New labs spring to life

Published 9:10 am Thursday, September 10, 2009

WINDSOR – An innovative partnership between opposite coasts is paying more dividends in Bertie County.

Last week, work began in earnest on a project to turn a pair of former vocational rooms at the Bertie Ninth Grade Academy into new computer labs that facilitate learning and provide a more open look than a traditional computer lab.

The partnership between Project H, a charitable organization that supports, creates, delivers, and scales life-improving humanitarian product design solutions, and Bertie County Schools began last academic year when they designed and implemented four Learning Landscapes at the elementary schools in the county.

“At that time we looked at several spaces at Bertie High School and other locations that needed to be improved and made more inviting,” said Bertie County Schools Assistant Superintendent Kenneth Perry. “We wanted to take these two computer labs and make them completely different and exciting.”

With that goal in mind, the school district turned to a familiar friend in Project H. Matt Miller, a Project Manager with the group, had worked with the school district before. He quickly began working on designing the new computer labs with a new philosophy.

“They are very practical, but the driving principal is circulation,” Miller said of the two new rooms. “Before, the kids sat around the room, shoulder-to-shoulder and with their backs to the teacher.”

The new design features three, nine-side towers in the room, each of which provide space for eight computer stations. All the wiring and electricity run through the towers and into the stations. The ninth side of each tower allows access to the center for maintenance purposes.

“Basically what they are left with now is their own private space,” Perry said. “Before you had someone right on top of you if you were working, but that won’t be the case with the new labs.”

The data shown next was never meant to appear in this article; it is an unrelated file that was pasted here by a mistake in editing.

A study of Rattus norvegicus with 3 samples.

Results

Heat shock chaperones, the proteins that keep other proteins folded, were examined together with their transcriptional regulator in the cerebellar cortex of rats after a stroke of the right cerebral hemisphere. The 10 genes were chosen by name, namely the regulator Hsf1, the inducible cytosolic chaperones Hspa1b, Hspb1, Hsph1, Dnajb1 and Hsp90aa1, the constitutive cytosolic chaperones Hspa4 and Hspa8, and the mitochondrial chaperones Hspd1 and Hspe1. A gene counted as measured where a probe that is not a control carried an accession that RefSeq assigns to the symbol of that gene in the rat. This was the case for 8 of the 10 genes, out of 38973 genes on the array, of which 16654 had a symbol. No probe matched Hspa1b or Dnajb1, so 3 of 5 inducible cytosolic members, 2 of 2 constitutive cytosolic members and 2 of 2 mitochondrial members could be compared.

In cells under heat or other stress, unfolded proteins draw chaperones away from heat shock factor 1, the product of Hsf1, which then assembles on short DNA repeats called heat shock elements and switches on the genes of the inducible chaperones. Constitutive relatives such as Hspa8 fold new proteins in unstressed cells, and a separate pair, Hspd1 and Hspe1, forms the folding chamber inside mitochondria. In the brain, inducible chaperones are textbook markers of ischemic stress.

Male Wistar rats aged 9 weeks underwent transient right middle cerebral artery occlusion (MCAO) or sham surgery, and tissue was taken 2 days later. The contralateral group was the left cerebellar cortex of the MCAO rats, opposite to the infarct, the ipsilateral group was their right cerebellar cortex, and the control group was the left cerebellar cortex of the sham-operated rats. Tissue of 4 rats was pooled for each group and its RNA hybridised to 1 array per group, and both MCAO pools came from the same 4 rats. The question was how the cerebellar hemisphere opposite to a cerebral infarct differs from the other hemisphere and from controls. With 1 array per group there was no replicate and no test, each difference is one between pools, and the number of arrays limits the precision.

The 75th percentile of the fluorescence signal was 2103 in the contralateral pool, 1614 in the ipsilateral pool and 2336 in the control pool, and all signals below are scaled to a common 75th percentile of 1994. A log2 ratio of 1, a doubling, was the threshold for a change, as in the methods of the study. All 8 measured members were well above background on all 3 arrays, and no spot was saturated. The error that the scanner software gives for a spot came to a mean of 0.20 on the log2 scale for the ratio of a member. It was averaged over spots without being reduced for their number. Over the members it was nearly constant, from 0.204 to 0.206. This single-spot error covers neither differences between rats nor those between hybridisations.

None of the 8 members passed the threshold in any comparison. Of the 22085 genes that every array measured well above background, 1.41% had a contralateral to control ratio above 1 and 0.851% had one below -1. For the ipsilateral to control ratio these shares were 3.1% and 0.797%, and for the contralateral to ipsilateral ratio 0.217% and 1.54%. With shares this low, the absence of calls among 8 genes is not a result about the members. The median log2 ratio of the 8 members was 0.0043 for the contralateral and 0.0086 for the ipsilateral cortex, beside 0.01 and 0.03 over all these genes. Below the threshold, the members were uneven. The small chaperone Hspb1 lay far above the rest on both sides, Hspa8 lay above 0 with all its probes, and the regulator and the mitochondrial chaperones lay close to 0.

Miller said another advantage was for the teacher.

“With eight students in each pod, the room has an open circulation, which allows the teacher to make direct eye contact with students as they are working,” Miller said.

The design is not one that had been used before and simply duplicated in Bertie County. Instead, Miller came to the district, looked at the rooms and went back to design something that would work in those spaces.

“It is built from scratch,” Miller said. “We met with (Superintendent of Schools) Dr. (Chip) Zullinger, Mr. Perry and (Ninth Grade Academy Principal Mr. (Trey) Peele and took it from there.”

After designing the rooms, which took about two weeks, Miller returned to the site to begin the actual construction for the project. Miller is working to do all fabrication and installation of the towers. Afterwards, a carpenter and electrician will finish the project with painting, carpentry and electrical work.

Perry said the computer lab would feature all-new laptops that had already been ordered. The two labs will be also be outfitted with new hardware and software and will serve a total of 48 students at the time.

“While it is built for the preparatory high school (Ninth Grade Academy), certainly it will be available to the Early College High School as well since they are also on this campus,” Perry said.

The project is about two-thirds complete and is expected to be finished within the next couple of weeks.

The partnership between the school district and Project H, however, is far from over as they both plan to continue to work together in the future.

“They’re fantastic to work for,” Miller said of the school district officials. “There is so much possibility here and the people here are open to new ideas. As a designer and builder, you can’t ask for more than that.”

Miller said many clients, especially public school districts, were not open to new ideas or innovative partnerships. Perry, however, said that was exactly the school district’s hope when they partnered with Project H.

“Every time we sit down to talk, the ideas just flow,” Perry said. “We always want that kind of innovative thinking.”